The only place life makes sense anymore is the outdoors.
How do we balance the needs of students and parents with the safety of school district employees?
What about the needs of bars and restaurants to pay their bills and employees with the need to keep COVID-19 case counts down to avoid putting too much stress on the health care system?
How do we protect some of the most vulnerable among us — those in long-term care facilities?
What do we do about the economic fallout from this pandemic, which has the Kenai Peninsula Food Bank setting records month after month for pounds of food distributed?
In my own, far less consequential corner of the world, what should a sports editor be doing during a pandemic?
Is there a way coronavirus mitigation plans can get so detailed that the overriding purpose of them — to mitigate the spread of the virus — is overlooked?
Is it proper to run a photo of mitigation procedures not quite being followed at an event where procedures are generally being followed? Is it right to run a photo of mitigation procedures being followed at an event where they generally are not?
Since when do social get-togethers require negotiation?
What do we even do about the masking controversy at this point?
And while we’re at it — the truth? Can’t even agree on that.
I don’t have suitable answers to any of these questions. The world makes little sense until I go for a run, or an ice skate, or a ski. There, the rules have remained the same.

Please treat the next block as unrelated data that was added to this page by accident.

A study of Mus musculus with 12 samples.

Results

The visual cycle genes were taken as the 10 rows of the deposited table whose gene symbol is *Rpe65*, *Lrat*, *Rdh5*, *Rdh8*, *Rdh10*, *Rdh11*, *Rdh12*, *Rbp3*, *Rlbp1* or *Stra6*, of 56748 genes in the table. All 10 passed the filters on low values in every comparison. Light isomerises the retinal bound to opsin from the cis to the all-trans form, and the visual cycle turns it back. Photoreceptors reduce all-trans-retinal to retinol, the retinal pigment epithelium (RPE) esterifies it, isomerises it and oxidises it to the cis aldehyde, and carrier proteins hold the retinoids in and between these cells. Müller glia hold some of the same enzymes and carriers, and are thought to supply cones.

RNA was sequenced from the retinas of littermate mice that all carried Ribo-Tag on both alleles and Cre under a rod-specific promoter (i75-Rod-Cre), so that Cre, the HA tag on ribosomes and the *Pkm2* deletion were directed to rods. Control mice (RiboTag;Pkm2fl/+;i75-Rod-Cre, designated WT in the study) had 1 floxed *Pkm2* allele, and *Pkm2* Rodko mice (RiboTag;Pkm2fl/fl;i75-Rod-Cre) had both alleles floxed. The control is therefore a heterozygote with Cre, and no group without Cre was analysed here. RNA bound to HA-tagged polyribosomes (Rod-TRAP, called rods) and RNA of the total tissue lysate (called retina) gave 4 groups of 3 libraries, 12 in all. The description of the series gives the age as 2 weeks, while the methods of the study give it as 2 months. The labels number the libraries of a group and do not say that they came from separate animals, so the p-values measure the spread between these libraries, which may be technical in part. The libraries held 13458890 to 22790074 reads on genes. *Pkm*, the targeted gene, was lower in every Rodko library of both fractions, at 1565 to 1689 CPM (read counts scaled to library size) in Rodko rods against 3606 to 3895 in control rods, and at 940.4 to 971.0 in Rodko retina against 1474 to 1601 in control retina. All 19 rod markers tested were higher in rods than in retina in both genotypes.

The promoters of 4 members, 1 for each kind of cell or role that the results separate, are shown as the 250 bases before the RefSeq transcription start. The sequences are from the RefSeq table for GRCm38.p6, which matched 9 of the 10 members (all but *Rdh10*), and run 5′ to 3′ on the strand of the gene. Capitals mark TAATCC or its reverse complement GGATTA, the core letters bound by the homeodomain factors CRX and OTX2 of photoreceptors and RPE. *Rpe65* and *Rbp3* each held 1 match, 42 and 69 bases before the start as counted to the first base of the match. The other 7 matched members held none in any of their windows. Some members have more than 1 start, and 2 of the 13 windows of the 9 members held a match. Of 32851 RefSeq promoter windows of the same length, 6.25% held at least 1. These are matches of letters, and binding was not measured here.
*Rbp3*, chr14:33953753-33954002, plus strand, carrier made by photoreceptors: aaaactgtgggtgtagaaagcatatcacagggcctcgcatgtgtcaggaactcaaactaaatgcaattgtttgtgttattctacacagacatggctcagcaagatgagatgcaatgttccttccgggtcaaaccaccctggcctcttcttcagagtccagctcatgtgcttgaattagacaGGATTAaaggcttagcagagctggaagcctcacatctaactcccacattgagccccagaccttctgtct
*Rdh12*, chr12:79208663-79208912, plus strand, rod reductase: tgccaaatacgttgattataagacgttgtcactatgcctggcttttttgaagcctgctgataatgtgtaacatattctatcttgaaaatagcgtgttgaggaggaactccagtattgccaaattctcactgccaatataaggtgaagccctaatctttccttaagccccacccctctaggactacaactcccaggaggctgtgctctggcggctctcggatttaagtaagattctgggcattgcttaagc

Check the weather. Check social media app Strava to see if anybody’s got any good ideas. Check your mood. Check the way your body feels. See how much time you have.
Decide what activity you’re going to do. Dress appropriately. Bring the right safety gear.
Sure, a lot of questions have arisen here, but for the most part the answers are not high stakes. Bring the wrong pair of gloves and have your hands go numb. Forget your helmet ice skating and risk cracking your head on the ice.
Once the activity begins, civilization’s worries gently recede.
If running, each step takes focus to avoid slipping on the ice. Also, make sure you’re swinging your arms right. Wish away that faint pain in your hip.
If skating, get a feel for how your blades are running on the lake ice. Start slow, poking around to make sure there are no ice cracks or areas of a brittle top layer that could stop a skate and slam you to the ice. Maybe, just maybe, the skate builds to the exuberant feeling of skimming across the surface while taking in alpenglow on distant, soft mountains.
If skiing, adjust technique to the snow conditions. Take note of the groom. Feel the way your skis are gliding. Maybe you’re working on the timing of the poling with the V2 technique. Or bending your knees internally doing V1. Regardless, soon you are lost flowing — up, down, left, right — over the land, breathing excitedly even though you thought you’d take it easy today.
An old professor of yours once told you skiing should be a spiritual experience. You didn’t know what he was talking about then. You do now.
Then it’s over. No matter how refreshing the dalliance with nature, you must return to civilization.
Why is it so hard and foreign to go back to something you could not live without?